Thursday, May 31, 2012
Although nominally still spring, the fruits of early summer are upon us - here apricots, mulberries, and cherries. We are staying ahead of the birds with the apricots, breaking about even with the mulberries, and are hopelessly behind on the cherries, occasionally finding a half-eaten, half ripe one.
Tastes like summer? Feels like summer too! 97 here today.
Wednesday, May 23, 2012
This hours-old killdeer chick and its sibling keep mom (with chick below) frantically vigilant as they scamper through the melon patch without regard for the various hazards. Killdeer chicks are precocial, born ready to move about and to forage on their own, although they won't be flight capable until 25 days old.
The primary hazard here, should they stray through a nearby fence, is our chickens, who would eagerly dismember and consume the little bird. Other hazards are hawks and owls. Kildeer young mortality is high, a reason why kildeer populations are not thriving.
Monday, May 21, 2012
Yesterday evening's crescent sun replicates itself on the siding of our house through pin-hole pathways in a screen of native grape on the west side of the deck.
It was not a total eclipse (92% here, 100% a hundred miles north) but dramatic. The chickens took it as dusk and a signal for bedtime, then huddled outside the hen-house, confused to be experiencing dawn so soon.
We used our spotting scope to project the image of the progressing eclipse on a piece of paper. This was our peak.
Friday, May 18, 2012
A regional recognition leads to a nice notice in the Galt Herald, our local weekly. They ran this photo with it.
The photo was pulled from a piece they ran earlier this year on our now one-year-old community garden. The FFA members and I are planting bare-root fruit trees in February in the margin between the fence and the curb. The trees have leafed and branched and are looking good; a few even gave us blossoms.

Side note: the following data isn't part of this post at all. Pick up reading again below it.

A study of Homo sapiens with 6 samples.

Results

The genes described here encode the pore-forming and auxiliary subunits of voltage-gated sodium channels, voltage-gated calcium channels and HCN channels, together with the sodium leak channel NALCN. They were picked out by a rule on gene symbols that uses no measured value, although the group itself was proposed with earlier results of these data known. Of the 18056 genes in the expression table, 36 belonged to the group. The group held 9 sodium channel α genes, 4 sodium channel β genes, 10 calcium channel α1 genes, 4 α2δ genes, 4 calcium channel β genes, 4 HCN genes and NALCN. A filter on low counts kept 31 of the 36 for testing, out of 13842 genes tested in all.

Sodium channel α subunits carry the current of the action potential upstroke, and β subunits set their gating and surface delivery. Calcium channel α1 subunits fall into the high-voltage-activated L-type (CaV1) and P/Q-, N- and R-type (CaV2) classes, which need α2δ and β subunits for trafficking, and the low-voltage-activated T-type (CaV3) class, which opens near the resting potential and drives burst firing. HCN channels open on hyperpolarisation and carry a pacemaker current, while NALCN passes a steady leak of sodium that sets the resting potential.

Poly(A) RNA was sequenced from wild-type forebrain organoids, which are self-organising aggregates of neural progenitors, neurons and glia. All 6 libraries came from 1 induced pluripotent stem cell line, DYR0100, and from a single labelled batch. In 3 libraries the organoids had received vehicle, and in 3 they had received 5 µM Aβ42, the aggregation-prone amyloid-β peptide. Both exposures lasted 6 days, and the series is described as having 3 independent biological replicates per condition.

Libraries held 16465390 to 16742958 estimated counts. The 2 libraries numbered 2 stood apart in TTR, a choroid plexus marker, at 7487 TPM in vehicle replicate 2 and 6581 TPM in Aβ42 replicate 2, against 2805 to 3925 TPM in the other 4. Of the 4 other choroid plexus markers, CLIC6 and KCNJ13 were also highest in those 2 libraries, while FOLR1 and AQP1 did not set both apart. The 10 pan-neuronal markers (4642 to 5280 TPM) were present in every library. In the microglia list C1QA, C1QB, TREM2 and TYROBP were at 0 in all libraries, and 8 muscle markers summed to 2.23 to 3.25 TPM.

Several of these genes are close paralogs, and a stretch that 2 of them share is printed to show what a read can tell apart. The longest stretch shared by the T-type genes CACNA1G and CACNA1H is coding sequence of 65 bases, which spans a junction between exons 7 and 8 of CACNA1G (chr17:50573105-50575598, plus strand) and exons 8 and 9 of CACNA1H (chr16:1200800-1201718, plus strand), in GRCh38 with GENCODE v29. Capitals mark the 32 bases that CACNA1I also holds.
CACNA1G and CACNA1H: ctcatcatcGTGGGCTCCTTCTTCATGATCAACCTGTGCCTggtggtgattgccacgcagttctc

The garden is thriving, with all of its 31 plots now contracted to community members who are tending vigorous summer gardens. It has a growing waiting list.
Saturday, May 5, 2012
We're at several 100 pounds of favas distributed and still only about half-harvested. This year I occupied, with favas, some of the un-leased beds at the community garden (which is now, happily, fully subscribed and with a growing wait-list), as well as growing an abundance here at Kingbird. At the food bank they are popular with some and eagerly sought, and a mystery to others. Although labor-intensive (pick, shell, peel) they reward throughout their life cycle - providing a nice mass of green in the winter garden, early flowers for the pollinators, nitrogen for the soil, biomass for the compost table, and protein for the table, and all of that without irrigation or a need to weed. My candidate for miracle crop.
*Bill McKibben, true global hero, asks us to "connnect the dots" globally today to demonstrate our concern about climate change. I'll be joining an event later. You should too - or at least pause for a moment, breathe deeply, think green thoughts, reflect on our urgent need to change course and avert disaster, and resolve to do your part going forward.